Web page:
Employing an assistant?

  HighTower 14:08 20 Oct 2007
Locked

I'm looking at taking on somebody for literally a few hours a week to mainly add content to customer's content managed sites. I know it sounds odd, but a lot of my customers are finding that they don't have time to keep their content managed sites up to date, and so ask me to do it.

I'm busy at the moment and would rather spend my time on the other design projects I'm working on, so I had envisaged that the person I would ask to do the work for me would basically charge me an hourly rate and send me an invoice. I would then charge my customer an hourly rate accordingly.

Is this way easier than going down the full 'employee' route? Especially considering the number of hours we are talking about? I'm aware that we're not employment advisors in this forum but I know there are a few members who run a business and may be able to offer some advice.

  wee eddie 14:55 20 Oct 2007

The IRS have special rules regarding Freelancers working in th IT Industry. You will need to take Professional Advice there.

You will need to take some form of Insurance against Employee Errors and, depending on where they are going to do the Work, provide facilities up to Regulation Standards.

Of course many ignore all this and get away with these little things, they'll make more money so long as nothing goes amiss.

  HighTower 15:01 20 Oct 2007

Yup, I've just spoken to the Inland Revenue New Employer Helpline and naturally it's not as straight forward as I first thought.

First thing is to define whether this person is actually self employed or employed. The local tax office can help me find out which this is so I'll call them on Monday. I can't decide this, it's based on a set criteria.

If it's decided that they are actually an employee then I'll need to go down the payroll route.

Thanks for you input, I'll let you know what they say.

  crosstrainer 16:55 20 Oct 2007

I run a small oem, I would advise a part time employee on a fixed rate rather than the self-employed route...it's littered with pitfalls.

  spuds 17:58 20 Oct 2007

If you have a Chamber of Commerce or Business Advice centre in your area, then I would suggest you contact them. They can be of great assistance, especially when red tape is involved, and there will be if you commence employing other people on a permanent basis.

  Snec 20:50 21 Oct 2007

>>> so I had envisaged that the person I would ask to do the work for me would basically charge me an hourly rate and send me an invoice. I would then charge my customer an hourly rate accordingly. <<<<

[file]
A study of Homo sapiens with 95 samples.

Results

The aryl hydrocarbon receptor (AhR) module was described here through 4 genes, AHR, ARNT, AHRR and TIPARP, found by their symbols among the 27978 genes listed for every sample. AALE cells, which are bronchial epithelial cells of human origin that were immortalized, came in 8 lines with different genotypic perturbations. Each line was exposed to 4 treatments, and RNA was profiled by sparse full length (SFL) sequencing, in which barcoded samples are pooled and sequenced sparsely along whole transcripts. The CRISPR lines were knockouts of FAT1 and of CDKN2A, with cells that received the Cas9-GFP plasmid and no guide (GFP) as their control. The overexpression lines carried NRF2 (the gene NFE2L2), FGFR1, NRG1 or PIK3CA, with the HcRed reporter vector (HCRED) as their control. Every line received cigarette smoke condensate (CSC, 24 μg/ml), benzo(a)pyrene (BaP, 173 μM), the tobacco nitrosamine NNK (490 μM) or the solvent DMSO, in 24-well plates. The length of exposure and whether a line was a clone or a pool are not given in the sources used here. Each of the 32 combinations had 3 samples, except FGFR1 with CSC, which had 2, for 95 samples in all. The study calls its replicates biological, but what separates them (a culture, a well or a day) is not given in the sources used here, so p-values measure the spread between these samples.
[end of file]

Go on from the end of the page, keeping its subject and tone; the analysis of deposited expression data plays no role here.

Yes, that's the way to do it and you most certainly do not need to contact Chamber of Commerce, Business Advice Cetre or the Inland Revenue........ :o)

Just keep records of payments made. The person invoicing you is responsible for his/her own tax affairs. You cannot even be held responsible for them being who they say they are.

That's it, nothing more to it. I've paid scores of people this way for over 30 years.

  wee eddie 21:53 21 Oct 2007

Unfortunately, in IT it is not that simple because of the Industry doing that in the past.

If a Contractor, who is invoicing you, is wholely or mostly reliant on you for his Income. Then the IRS regards him as an Employee.

If you are in IT, better check. There could be a shock coming your way, next time you get an Audit from them.

  Snec 01:14 22 Oct 2007

Agreed, wee eddie... 'is wholely or mostly reliant on you for his Income' is the operative phrase here.

It's not just IT either. The hospitality industry is just one other area where the same thing applies. Oh, btw, I've had many audits and since I'm a totally honest and upright citizen who just loves to pay my taxes for this government to spend wisely, my books and records are spot on.

  Snec 01:16 22 Oct 2007

PS, it *is* that simple.

If you are saying it can be made more complicated then I agree with that too.

  wee eddie 08:53 22 Oct 2007

I was a little worried that you, or other readers, might have got the impression that, by just making an individual a Contractor. One could avoid NIC et alia.

I should also point out that if someone is working for you at a designated site. You are liable to make sure that that site is safe and has all the regulated facilities. I am told that there is a certain amount of leeway if there is 1 individual in a home environment, but where 2, or more, are gathered together, as the Good Book says, then the full regulations can be enforced.